Last week we saw the pound continue to make steady gains against the single currency. We now await further news from the Brexit negotiations. Talks are due to take place almost every day to try and break the deadlock and Boris Johnson still standing strong on his promise to leave by the 31st October.
The prime minister of Finland, had stated ‘Boris Johnson had 12 days to set out his plans’, however the European commission had confirmed that they had indeed received documents and talks were ongoing, so are we closer to a deal then we think? Reports on the BBC suggesting the 17th October could be the make or break day.
The biggest news of last week came on Thursday evening, when Juncker stated a deal might be likely, the papers submitted earlier in the day clearly pressed talks forward. What the papers said hasn’t been shown to the media yet, Boris Johnson clearly wanting to keep his cards close to his chest.
The Bank of England meeting took place last week, the last one before we leave the EU. Inflation figures in August at 1.7%, below the 2% target of the Bank of England (BoE), with the lower figures it would have been worth noting if this would have affected the decision of the BoE on their interest rate decision. The BoE kept the rates at 0.75% however and stabilising the exchange rates against the USD and Euro once again, pushing the GBP/EUR rate to touch 1.13 once again but failing to break through further.
The euro touched a 3-month low against the pound last week, following its own recent issues. Spain looking to go back to the polls, and Italy having its own separate issues, who’s government has been shaky for a while now.
There were threats of a recession after the German economy showed signs of shrinking, which is often seen as the powerhouse of the Eurozone, sot this could result in volatility for the single currency. Germany incidentally also being unhappy by the Quantitative Easing process and were reportedly uncomfortable with more money being pumped into the economy. The current issues surrounding the EU could well mean good news for sterling, should we get a deal and these issues continue for the EU, there could be a possibility for the pound to make some gains.
There was positive news for the US, where data showed continuous growth, fed chair Powell predicting further growth in the coming months, the US economy has seen 11 months of consecutive growth, however he warned that the ongoing trade war would weigh down the economy in the short-term. The labour market showed strength too, less unemployment applications going in, which should support the economy with further growth. The only dampener on the US economy being the manufacturing sector, shrinking month on month by comparison.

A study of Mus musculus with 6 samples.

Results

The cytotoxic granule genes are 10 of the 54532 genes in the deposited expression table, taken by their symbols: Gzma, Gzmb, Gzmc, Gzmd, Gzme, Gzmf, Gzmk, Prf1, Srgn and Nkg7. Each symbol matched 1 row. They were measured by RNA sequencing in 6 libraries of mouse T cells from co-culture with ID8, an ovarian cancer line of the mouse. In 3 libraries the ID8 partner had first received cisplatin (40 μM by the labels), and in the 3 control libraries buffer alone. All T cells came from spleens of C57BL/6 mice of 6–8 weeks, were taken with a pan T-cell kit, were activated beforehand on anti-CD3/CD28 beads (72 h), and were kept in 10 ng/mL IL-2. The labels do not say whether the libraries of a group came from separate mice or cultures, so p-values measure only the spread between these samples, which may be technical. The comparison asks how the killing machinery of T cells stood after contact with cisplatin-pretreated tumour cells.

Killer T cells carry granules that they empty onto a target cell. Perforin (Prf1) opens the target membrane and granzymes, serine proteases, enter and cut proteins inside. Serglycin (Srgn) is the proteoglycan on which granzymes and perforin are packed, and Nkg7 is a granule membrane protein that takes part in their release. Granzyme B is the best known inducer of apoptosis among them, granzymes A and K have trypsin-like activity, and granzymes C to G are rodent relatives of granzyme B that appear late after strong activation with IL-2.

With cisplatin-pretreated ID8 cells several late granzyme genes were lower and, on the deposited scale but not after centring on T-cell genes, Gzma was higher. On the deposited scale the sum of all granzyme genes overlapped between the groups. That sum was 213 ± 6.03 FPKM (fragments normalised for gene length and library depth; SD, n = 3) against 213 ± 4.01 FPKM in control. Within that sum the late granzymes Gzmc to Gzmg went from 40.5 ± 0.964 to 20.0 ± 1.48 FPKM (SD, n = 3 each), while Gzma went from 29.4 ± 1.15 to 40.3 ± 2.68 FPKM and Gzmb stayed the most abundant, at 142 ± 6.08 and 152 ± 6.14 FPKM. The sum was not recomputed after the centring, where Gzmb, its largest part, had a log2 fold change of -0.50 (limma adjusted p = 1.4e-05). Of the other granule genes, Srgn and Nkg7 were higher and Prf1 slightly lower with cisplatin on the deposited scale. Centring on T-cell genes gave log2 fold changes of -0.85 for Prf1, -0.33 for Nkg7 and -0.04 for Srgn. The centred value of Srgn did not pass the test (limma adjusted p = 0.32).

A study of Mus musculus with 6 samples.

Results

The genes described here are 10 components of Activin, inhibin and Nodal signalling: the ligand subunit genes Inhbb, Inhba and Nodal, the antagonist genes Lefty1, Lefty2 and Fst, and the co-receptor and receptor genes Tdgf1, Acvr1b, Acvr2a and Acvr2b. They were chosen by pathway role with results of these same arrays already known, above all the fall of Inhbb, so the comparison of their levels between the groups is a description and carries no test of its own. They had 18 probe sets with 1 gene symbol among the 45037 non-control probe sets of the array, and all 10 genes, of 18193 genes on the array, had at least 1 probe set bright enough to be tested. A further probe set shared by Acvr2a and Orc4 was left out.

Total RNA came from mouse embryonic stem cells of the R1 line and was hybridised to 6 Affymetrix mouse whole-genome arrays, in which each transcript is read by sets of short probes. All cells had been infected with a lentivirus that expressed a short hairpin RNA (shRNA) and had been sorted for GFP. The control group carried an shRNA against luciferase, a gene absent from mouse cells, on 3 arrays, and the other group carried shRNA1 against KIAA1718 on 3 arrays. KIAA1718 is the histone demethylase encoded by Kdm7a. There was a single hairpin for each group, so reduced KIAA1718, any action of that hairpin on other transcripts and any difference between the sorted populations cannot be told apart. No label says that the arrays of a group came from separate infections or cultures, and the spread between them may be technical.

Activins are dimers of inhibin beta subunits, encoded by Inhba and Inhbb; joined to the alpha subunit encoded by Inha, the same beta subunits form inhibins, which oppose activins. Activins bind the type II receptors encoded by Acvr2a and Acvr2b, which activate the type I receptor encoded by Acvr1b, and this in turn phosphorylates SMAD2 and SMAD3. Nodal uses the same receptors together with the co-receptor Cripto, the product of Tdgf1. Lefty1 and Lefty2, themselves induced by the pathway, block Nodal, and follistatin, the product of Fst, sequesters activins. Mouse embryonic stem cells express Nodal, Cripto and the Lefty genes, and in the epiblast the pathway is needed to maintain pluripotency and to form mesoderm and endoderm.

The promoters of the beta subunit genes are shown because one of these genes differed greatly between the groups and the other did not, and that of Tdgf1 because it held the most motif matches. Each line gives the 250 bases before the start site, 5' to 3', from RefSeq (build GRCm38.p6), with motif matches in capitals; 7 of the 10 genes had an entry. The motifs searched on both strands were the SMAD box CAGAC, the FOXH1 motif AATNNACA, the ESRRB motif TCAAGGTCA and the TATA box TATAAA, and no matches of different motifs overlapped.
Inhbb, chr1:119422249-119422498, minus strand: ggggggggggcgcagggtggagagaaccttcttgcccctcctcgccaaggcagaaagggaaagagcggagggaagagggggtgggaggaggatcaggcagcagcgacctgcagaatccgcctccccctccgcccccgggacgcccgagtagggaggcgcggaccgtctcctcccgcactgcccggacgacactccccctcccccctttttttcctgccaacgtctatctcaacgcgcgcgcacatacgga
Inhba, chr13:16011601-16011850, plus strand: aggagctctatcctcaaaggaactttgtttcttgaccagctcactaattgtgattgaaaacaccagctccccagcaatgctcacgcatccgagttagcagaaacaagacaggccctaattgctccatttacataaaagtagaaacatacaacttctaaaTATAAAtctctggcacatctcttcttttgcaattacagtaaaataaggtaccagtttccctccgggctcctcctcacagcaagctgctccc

Reports suggest the real effect of the attack on the Saudi oil haven’t really been felt, where the worse is yet to possibly come. This could mean the trade war between China and US could ease, where Chinese buyers will be looking to the US for crude oil supplies.
The AUD remained under pressure throughout the week, with the RBA suggesting they could cut the interest rates again. With unemployment rising and the trade war between China and the US pushing investors away from the AUD, we could see further volatility. AUD buyers may want to keep a close eye on the rates.
All the staff I spoke with were helpful ,courteous and knowledgeable. The service is efficient and FCD make the exchange process hassle free.
Personal, attentive. What more can I say? First Rate.
Efficient, friendly, personable – I have used this service several times and will not hesitate to call on them the next time a foreign currency transfer is required.
Quick, competent and friendly: a reassuring excellence of service, which I heartily recommend to every potential client.